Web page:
Issues in Early Childhood Education Assessments (page 2)

By — Pearson Allyn Bacon Prentice Hall
Updated on Apr 23, 2014

Teachers’ administration of tests affects their validity and reliability. Teachers interpret test items—“Look at the picture again, you know, it’s the fluffy dog”—or fail to follow standardized procedures because of a lack of training and the failure of school systems to monitor consistent procedures. Children’s performance on standardized tests depends on their background of experiences. Designers of standardized tests recognize this and have tried to base the selection of test items on experiences common to the group for whom the test will be used. But sometimes this view is narrow and limited and, many critics claim, based on an urban middle-class American culture. It is also true that standardized tests of readiness, achievement, and intelligence, reflecting middle-class culture, are highly verbal and abstract and emphasize speed, competition, and doing “one’s best.”

Standardized tests, unlike authentic assessment (which is ongoing and related to the curriculum), provide information only about what a given child can do at a given moment in time. Just as most of us can recall a “bad hair day,” each of us remembers taking a test when we were not feeling our best, were upset about a personal problem, or were just tired. Some college professors, recognizing this, permit students to remove one test score, grade, or an assignment by replacing it with some other task as a means of accommodating these bad test days.

Standardized tests also are limited in informing teachers about individual children’s needs. They give teachers a score on a test and a percentile ranking that tells them only how this individual child stands in relation to the children in the norming group. This is not very useful in helping teachers plan to meet the needs of an individual child.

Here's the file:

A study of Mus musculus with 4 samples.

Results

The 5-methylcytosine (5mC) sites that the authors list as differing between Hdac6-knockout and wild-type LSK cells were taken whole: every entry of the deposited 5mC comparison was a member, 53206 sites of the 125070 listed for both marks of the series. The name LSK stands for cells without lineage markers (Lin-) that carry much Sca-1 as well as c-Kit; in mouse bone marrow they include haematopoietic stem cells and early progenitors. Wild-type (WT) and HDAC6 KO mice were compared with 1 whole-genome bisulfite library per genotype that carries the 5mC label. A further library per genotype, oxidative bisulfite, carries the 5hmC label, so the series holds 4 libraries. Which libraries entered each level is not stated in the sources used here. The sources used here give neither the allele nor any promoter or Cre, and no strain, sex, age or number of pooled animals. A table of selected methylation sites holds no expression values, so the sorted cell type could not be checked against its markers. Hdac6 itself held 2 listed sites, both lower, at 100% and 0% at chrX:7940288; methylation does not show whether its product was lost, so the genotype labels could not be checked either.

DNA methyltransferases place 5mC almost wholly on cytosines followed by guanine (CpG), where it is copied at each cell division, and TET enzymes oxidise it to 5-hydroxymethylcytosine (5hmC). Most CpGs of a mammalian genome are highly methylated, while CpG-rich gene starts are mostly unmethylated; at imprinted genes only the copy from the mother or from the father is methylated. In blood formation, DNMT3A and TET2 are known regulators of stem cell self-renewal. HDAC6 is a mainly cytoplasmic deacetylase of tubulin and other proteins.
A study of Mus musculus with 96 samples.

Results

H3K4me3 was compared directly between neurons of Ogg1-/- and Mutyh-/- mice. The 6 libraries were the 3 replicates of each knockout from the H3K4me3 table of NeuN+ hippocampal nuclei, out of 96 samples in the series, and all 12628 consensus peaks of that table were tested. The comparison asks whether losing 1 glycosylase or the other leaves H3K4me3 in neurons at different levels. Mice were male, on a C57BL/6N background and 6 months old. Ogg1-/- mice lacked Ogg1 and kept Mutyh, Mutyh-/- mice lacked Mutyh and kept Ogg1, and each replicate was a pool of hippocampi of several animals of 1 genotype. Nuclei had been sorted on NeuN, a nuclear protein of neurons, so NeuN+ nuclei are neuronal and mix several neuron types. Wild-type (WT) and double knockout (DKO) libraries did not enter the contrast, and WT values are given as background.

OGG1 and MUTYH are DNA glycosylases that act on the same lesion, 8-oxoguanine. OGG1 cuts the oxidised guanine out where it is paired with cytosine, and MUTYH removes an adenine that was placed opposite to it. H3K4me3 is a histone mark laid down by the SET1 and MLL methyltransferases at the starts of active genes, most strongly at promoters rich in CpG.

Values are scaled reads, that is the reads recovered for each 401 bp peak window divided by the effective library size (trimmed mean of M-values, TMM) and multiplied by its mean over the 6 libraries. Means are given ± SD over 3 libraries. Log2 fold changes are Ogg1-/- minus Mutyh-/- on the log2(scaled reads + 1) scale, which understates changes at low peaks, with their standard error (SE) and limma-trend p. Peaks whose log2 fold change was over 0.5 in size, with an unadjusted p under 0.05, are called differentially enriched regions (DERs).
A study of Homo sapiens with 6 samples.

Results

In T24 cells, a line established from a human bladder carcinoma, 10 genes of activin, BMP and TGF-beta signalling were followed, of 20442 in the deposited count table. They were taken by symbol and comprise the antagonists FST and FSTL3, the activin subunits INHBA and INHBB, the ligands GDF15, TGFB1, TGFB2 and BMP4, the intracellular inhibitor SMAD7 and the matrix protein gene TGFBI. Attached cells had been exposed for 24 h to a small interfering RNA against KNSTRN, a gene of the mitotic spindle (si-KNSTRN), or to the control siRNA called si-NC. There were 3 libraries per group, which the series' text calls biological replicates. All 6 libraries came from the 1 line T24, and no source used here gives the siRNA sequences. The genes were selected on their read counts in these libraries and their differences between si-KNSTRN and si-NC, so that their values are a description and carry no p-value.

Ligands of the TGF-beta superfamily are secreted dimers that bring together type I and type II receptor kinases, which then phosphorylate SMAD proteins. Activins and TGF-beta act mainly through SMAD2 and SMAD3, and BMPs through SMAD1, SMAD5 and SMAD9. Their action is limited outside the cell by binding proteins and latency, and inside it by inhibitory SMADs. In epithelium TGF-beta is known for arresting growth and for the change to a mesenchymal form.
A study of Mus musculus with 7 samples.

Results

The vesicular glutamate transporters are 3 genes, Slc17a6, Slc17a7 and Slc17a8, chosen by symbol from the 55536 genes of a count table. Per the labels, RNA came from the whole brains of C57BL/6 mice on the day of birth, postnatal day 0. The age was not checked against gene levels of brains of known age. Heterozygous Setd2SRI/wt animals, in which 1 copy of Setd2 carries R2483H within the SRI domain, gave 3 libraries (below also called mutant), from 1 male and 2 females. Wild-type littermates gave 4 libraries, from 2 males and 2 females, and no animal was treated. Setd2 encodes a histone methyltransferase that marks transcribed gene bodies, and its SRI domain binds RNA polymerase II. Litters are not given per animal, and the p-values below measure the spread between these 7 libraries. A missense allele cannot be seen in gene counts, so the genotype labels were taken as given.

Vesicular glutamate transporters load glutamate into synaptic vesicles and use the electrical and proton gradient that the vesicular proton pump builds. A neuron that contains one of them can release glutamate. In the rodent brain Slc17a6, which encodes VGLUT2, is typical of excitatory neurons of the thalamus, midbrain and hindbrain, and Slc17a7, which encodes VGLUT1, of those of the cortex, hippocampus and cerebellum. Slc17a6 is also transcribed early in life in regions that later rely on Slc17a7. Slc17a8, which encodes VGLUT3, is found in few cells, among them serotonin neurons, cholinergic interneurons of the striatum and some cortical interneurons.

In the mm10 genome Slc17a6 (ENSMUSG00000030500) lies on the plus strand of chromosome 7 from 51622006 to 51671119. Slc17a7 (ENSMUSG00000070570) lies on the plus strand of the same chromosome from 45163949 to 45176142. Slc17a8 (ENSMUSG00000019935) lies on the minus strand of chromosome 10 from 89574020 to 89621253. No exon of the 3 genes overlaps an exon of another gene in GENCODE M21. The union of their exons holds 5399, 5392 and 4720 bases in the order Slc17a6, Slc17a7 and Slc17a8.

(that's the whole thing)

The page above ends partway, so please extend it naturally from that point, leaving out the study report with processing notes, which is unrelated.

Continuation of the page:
Thus, no one form of assessment can stand alone in making decisions about a child’s learning, strengths, or weaknesses (Jones, 2003). No one standardized test score or one set of observations offers sufficient information for teachers, their principals, or the school system to determine the following:

  • Children’s access to kindergarten
  • Placement in remedial, developmental, transitional, or special classes
  • Retention in kindergarten
  • Placement in a homogeneous group on the basis of a single test score or any other form of assessment

Denying children access to kindergarten or placing them in developmental or other transitional classrooms before or following kindergarten to ready them for the next grade placement (Bredekamp & Shepard, 1989; Shepard, 2000) has a major impact on children’s lives and can never be made on the basis of any one assessment or evaluation alone (Bredekamp & Copple, 1997, p. 133).

For this reason and for general ethical concerns, parents must be informed before their children are assessed or evaluated in any way. When authentic evaluation and assessment is linked to the curriculum, informed consent is not necessary. Because they are tied to the curriculum, the findings from authentic evaluation are usually shared with parents. However, if the findings of authentic evaluation are to be placed in children’s permanent records or used in making life-altering decisions, then the parents should be informed.

Claiming that standardized tests and other assessments are necessary tools of accountability, school systems usually do not require informed consent in order to use the findings of assessments. Regardless, parents must be informed of the type of evaluation or assessment, notified when it is to take place, and given copies of the test results.

Most school systems accommodate the individual needs of young children, ensuring that all children succeed at their own pace. Thus, it is rare that placement decisions will take place. Even so, there are special cases when decisions must be made about children’s grade placement. When this occurs, multiple sources of information must be considered. This includes, but is not limited to, information obtained from observations by teachers, standardized test results, school specialists, other authorities, and most of all children’s parents and other family members.